Investors from Arab Spring countries are using investor visas that allow residency in exchange for £1m
The number of Arab millionaires investing in Britain in exchange for permanent residency has increased in the wake of the Arab Spring as investors look to flee political turmoil in their home country, financial advisors have told Arabian Business.
Rich Arabs are increasing making use of investor visas that allow wealthy foreigners to live in the UK in return for buying at least £1m (US$1.6m) of gilts or shares and bonds in British companies.
“We have seen a rapid growth of Middle Eastern clients investing in the UK and taking advantage of the UK immigration opportunities available under the Investor and Entrepreneur visa categories,” said Carl Thomas of Visalogic.
“We have served a significant number of Middle Eastern clients during the past five years, however, since the Arab Spring we have certainly seen a significant increase in new enquires from throughout the region,” he added.
The UK government introduced new visa regulations aimed at encouraging wealthy individuals to invest in the country in March 2011.
Under the new rules, foreigners that invest £5m are allowed to settle in the country after three years while those that invest £10m or more are allowed to settle after two years compared to a previous minimum requirement of five years.
Entrepreneurs are able to fast-track the process if they create ten jobs or turn over £5m in a three year period.
More than 400 people applied to use the investor visa scheme in the 12 months ending June, up from 331 people in 2011 and fewer than 200 in 2009, according to Home Office statistics.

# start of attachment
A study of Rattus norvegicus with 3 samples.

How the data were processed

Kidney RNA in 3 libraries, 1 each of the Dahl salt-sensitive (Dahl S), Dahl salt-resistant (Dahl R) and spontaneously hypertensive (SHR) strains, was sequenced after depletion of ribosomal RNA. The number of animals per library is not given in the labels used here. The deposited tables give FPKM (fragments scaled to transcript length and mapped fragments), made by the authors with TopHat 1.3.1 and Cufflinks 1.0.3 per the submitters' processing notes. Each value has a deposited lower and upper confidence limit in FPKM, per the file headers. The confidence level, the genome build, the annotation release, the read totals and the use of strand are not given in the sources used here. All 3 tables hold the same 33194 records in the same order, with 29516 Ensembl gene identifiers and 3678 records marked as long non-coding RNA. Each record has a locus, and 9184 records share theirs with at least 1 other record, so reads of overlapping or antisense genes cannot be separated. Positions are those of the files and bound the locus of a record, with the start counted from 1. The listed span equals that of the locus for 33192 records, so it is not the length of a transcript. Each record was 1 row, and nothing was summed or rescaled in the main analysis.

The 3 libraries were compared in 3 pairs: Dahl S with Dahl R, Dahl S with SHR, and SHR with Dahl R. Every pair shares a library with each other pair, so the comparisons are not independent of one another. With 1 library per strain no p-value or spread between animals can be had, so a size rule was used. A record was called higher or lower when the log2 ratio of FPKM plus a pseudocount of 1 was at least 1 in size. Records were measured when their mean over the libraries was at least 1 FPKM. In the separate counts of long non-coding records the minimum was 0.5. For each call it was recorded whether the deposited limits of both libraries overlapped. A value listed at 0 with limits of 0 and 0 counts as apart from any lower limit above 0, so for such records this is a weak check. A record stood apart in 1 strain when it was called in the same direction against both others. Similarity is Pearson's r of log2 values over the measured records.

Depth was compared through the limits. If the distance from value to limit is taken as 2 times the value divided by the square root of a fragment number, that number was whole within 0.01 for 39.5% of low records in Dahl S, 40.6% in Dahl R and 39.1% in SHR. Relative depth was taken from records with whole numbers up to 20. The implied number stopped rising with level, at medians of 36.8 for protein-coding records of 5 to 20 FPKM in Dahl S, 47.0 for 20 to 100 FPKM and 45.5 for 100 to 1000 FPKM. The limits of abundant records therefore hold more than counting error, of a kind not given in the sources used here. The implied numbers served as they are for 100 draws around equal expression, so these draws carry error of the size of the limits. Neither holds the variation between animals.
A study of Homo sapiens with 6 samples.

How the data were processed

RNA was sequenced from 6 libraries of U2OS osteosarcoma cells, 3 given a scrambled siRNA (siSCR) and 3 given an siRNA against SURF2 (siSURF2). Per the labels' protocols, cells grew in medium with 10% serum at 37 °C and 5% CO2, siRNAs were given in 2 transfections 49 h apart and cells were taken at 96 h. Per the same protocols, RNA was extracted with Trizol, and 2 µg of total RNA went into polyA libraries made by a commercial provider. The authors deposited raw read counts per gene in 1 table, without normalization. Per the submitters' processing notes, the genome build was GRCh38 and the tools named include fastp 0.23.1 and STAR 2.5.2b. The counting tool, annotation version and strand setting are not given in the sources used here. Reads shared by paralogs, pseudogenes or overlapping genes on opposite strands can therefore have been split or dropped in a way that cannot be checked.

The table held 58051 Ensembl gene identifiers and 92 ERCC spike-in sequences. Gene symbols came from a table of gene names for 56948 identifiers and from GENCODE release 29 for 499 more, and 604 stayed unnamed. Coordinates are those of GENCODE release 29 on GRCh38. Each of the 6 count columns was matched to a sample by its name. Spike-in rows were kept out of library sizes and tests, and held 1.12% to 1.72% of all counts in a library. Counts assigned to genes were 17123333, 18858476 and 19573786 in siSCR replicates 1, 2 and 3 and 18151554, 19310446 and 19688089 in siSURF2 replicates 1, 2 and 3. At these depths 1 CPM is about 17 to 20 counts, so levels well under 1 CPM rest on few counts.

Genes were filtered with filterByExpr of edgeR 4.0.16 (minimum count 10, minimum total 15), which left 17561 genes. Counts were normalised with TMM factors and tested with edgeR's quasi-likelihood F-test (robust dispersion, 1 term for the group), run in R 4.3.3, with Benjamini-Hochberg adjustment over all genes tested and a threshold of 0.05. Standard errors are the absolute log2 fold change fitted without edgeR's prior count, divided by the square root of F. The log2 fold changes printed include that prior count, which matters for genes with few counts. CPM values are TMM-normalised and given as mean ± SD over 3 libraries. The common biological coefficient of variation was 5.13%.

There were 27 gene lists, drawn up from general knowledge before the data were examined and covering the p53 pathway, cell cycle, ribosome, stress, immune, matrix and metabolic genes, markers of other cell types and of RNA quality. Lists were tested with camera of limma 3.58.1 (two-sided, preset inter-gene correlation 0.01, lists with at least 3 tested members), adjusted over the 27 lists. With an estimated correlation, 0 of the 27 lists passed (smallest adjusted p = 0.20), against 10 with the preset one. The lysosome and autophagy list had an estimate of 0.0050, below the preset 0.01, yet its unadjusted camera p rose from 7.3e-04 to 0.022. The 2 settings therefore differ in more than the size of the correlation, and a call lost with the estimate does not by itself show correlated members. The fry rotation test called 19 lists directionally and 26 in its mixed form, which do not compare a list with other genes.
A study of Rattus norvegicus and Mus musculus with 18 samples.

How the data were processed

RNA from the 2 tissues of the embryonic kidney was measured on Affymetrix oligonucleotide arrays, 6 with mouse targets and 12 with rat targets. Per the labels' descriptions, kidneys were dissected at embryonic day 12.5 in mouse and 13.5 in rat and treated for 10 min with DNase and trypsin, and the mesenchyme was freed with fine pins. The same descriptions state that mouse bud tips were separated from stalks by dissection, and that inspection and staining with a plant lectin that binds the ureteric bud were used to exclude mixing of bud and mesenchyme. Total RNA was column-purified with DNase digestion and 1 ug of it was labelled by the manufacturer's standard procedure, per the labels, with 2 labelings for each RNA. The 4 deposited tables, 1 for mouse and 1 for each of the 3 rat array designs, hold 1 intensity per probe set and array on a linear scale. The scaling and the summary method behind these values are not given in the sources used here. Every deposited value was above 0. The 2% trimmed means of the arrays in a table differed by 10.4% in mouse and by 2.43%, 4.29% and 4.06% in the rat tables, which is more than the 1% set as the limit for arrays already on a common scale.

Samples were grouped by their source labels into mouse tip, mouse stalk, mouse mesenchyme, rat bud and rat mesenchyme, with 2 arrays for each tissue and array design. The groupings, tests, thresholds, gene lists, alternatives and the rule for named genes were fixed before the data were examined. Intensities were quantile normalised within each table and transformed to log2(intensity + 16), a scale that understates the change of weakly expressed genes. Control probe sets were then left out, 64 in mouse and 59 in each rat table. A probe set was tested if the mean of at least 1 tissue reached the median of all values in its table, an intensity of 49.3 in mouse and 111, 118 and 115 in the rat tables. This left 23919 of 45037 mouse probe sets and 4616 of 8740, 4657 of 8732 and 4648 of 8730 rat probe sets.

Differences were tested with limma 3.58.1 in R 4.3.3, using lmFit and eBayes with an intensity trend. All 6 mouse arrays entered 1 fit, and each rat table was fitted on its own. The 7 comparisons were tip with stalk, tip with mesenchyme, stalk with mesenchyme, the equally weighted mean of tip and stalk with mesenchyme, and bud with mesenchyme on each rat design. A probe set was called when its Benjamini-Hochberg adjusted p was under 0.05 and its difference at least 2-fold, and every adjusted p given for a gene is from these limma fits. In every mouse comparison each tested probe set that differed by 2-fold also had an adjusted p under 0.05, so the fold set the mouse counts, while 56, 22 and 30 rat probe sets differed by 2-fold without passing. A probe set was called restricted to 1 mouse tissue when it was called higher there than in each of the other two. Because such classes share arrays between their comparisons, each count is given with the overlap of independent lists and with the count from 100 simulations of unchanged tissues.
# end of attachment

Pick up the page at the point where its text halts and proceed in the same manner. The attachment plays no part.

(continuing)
The UK has long been seen as a safe haven for wealthy Middle East investors with London-based real estate a popular choice. Regional investors purchasing property in London increased four percent in 2011, according to property consultants Jones Lang LaSalle (JLL).
Middle East investors accounted for nine percent of sales in central London last year, up from five percent in 2010, making them the second largest group of foreign investors behind nationals from Asia Pacific, said JLL.
With property exempt from the regulations, many Arabs are opting to invest in government backed-bonds and companies with synergies to the Middle East such as renewable energy, said Mark Pihlens, CEO of Invest UK. An increasing number of wealthy investors from Syria, Iraq, Iraq and Egypt are attracted to the UK for its political stability, he added.
“The UK is safe politically with a very stable jurisdiction of law, it’s not far from the Middle East and the unlike the US, it doesn’t tax people on their worldwide income, which is an important factor. Another pull factor is the UK’s education system,” he said.